By Felix Njini
Chinese investors racing to secure lithium supplies could help Zimbabwe rise to become the world’s fifth biggest primary producer of the material that’s vital to battery electric vehicles and the green revolution, mining consultancy CRU said.
The lithium industry in Africa’s top producer has rapidly expanded, buoyed by about $1 billion of investments during the past two years by Chinese companies including Zhejiang Huayou Cobalt Sinomine Resource Group, Chengxin Lithium Group and Yahua.
The Chinese companies, faced with production constraints at home, have focused on Zimbabwe to lock in future lithium supplies.
The investments could boost capacity to 192,000 tons of lithium carbonate equivalent (LCE) per year of petalite and spodumene in 2027, from 13,000 tons per year LCE in 2022, Cameron Hughes, a battery markets analyst at CRU said in a report.
“These investments will place Zimbabwe as the fifth largest primary producer of lithium by 2025, after Argentina, contributing more than either Canada or Brazil,” Hughes said.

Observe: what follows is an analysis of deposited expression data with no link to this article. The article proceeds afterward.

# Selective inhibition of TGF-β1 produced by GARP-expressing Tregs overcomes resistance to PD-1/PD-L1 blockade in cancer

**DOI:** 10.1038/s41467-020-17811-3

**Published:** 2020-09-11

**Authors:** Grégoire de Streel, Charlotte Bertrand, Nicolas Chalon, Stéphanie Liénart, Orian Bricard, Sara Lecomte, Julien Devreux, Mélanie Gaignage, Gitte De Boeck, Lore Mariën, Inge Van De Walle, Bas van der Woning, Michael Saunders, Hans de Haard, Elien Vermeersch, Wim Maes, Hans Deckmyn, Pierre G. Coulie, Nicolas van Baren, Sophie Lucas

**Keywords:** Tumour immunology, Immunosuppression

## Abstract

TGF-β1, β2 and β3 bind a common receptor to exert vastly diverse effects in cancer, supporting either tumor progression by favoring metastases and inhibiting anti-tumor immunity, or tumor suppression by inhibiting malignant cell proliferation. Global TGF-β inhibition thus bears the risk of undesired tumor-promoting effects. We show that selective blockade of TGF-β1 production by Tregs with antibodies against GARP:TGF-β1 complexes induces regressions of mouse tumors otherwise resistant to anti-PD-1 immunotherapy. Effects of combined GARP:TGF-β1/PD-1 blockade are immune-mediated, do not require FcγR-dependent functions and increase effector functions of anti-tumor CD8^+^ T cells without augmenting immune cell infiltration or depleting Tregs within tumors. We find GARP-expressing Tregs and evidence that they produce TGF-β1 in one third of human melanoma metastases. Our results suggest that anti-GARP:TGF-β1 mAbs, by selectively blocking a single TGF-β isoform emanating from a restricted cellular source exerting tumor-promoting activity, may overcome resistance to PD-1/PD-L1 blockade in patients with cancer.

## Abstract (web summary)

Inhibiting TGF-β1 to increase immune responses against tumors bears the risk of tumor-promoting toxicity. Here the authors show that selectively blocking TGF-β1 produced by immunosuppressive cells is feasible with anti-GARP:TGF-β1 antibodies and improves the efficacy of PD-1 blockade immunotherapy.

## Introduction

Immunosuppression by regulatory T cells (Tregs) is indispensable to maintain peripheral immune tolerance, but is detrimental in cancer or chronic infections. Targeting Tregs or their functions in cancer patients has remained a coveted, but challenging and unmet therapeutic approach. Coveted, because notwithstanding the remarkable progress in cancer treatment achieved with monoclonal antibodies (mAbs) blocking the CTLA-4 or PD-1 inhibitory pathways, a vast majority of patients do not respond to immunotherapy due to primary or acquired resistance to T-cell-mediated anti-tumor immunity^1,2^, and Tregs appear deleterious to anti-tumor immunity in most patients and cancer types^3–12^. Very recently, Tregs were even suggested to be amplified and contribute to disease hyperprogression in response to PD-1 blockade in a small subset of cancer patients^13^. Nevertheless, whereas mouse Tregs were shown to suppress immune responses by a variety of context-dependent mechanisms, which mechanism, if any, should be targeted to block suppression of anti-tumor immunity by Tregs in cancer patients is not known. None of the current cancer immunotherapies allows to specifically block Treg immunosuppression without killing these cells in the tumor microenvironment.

While Zimbabwe holds some of the world’s biggest lithium deposits, the metal has only been mined at Bikita Minerals, producing petalite – a form of lithium used in ceramics, aluminium smelting and glass – since the 1950s.
Sinomine paid US$180 million for Bikita Minerals last year and has spent US$300 million to expand the petalite and spodumene capacity to over 90,000 tons LCE per year from 6,000 tons LCE per year in 2020.
Investments by Sinomine and others mean Zimbabwe’s capacity could rise to about 11% of global LCE production in five years from just 2% in 2020, said Martin Jackson, head of battery raw materials at CRU.
Still, while the capacity is “significant”, full utilisation would depend on lithium demand and prices, Jackson added.
"I doubted the speed of the ramp-up of many of those operations but those Chinese investors have brought lithium to market much quicker than I ever expected," he said.
Chinese manufacturers’ ability to blend petalite and spodumene concentrates into battery-grade material has made the Zimbabwean deposits more attractive, Jackson said.
“One thing we know is there is more investment coming through, we know there is more Chinese interest.”
Despite the huge potential, softening prices might not support investments on marginal projects, Jackson added.